NEW DELHI (AP) — They gathered Friday in distant outposts of what used to be the British empire, a world of not-quite-subjects watching the wedding of the heir to the crown.
In New Zealand, they celebrated the Kiwi godmother to Kate Middleton's father (Brenda McAdam told national radio she and her late husband became friends with Kate's grandfather in the 1940s). In Hong Kong, there was Chinese-language TV commentary from a well-known wedding designer. In Pretoria, South Africa, they gathered in the garden of the British High Commission, while aid workers in Kabul, Afghanistan dug out their nicest clothes for a wedding party.
And in India, once the jewel of the empire, they sat transfixed in front of millions of televisions.
"Of course I'm watching. It's the biggest event of the century," said Jasmine Bhomia, an 18-year-old student in New Delhi — who then added that this wedding would, one day, be eclipsed by Prince Harry's.
Then there was Australia, where pubs cashed in on the frenzy with wedding bashes that featured everything from dress contests to bouquet-tossing competitions.
At the AB Hotel, a Sydney pub decorated with British flags and fake gold crowns, dozens of people watched.
"These events are sort of like a football game to guys," said Lana Leach, a 26-year-old from Amsterdam and yet another Harry fan ("the bad boy," she sighed).
"This is my king getting married!" she said, eyebrows raised, as she sat among friends.
"Future king," interjected her friend Barbara Vos, 25, a glass of wine in one hand, a cluster of balloons in the other.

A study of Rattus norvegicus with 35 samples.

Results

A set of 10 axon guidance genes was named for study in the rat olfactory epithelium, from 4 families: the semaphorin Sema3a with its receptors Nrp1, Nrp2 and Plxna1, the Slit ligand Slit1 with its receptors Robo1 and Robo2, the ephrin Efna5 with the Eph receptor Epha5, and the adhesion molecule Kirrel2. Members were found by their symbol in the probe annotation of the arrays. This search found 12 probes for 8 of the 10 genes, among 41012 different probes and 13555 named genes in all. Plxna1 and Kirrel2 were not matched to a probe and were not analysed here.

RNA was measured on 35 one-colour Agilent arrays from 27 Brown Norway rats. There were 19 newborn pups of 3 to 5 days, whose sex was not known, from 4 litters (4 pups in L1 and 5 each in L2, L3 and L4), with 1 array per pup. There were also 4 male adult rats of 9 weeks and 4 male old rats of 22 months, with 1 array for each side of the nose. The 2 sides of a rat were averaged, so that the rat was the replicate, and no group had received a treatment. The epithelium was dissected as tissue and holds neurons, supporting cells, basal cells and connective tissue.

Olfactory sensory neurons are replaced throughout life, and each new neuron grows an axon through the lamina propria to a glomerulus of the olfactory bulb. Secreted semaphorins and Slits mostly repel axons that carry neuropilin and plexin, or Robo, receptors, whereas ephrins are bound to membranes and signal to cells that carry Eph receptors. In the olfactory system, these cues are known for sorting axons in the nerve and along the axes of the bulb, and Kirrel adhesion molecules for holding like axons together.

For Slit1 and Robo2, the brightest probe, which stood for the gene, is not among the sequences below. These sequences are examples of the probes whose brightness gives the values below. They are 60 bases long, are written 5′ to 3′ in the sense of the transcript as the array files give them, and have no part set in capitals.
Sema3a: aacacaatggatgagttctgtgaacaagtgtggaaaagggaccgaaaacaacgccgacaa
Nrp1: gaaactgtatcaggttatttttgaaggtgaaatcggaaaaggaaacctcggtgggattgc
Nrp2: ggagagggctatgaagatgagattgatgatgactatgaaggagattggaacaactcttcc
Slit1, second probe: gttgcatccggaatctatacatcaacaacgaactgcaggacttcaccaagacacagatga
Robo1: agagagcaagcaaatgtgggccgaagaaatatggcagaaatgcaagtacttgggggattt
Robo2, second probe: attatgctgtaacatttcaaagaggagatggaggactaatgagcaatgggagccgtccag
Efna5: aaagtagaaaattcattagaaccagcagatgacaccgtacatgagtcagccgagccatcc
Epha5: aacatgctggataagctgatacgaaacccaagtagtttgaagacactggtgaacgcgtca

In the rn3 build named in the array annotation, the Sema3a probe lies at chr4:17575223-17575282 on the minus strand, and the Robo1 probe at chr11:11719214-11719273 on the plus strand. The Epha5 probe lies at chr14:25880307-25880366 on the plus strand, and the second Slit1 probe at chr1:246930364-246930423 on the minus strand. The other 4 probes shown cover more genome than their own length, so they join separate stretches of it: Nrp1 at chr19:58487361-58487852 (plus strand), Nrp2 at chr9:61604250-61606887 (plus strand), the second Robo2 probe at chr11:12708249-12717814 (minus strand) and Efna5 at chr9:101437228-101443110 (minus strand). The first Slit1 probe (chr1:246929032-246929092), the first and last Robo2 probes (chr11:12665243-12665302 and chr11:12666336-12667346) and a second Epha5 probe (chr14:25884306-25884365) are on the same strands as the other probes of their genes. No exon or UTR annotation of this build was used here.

Then Leach made her prediction: "I give it five years before Kate goes off with Harry."
England once governed a huge swath of the planet, with millions of subjects from the Caribbean to East Africa to India. Though the empire is long gone, some former colonies, including Australia, Canada and New Zealand, still retain the British monarch as their head of state. Dozens more countries retain looser ties, and many more are allies.
In some former colonies, the wedding hoopla has raised the prickly issue of whether the British monarch should be dumped.
Australian Prime Minister Julia Gillard has been outspoken about her hopes Australia would drop its royal ties and become a republic, leading some to question why she would attend the wedding.
"There are many republicans in Australia. There are also many Australians who want to see our continued ties to the monarchy," Gillard told reporters in South Korea earlier this week.
"I received an invitation to go to the royal wedding and I think — on behalf of the nation — it's appropriate that I'm there."
In New Zealand, some 300 people gathered to toast the wedding at a hotel in the northern city of Auckland, an event hosted by the organization Monarchy New Zealand.
Those who lean toward a republic didn't celebrate, joining "the ambivalent majority" who don't really care, said Lewis Holden of New Zealand Republic.
"You can't really attack someone for getting married, and we obviously wish William and Kate all the best. Our only comment is that it really shouldn't have anything to do with us in New Zealand, 12,000 miles away," he said.
In the U.S., the faithful got up as early as 4 a.m. to catch last-minute pre-wedding announcements, while the Dalai Lama weighed in from Japan.
"I want to express my congratulation," the Tibetan Buddhist leader said after a service for those killed in the March earthquake and tsunami. "Happy Marriage."
Even the doting non-subjects could not resist an occasional jab.
The Hindustan Times, one of India's largest-circulation English-language newspapers, had an entire page of glowing stories about the royal couple.
Still, it couldn't resist noting something on page 1: Kate, the newspaper said, would be sporting a spray-on tan for the ceremony.
Associated Press writers Kristen Gelineau in Sydney, Ray Lilley in New Zealand and Ed Brown in Johannesburg contributed to this report.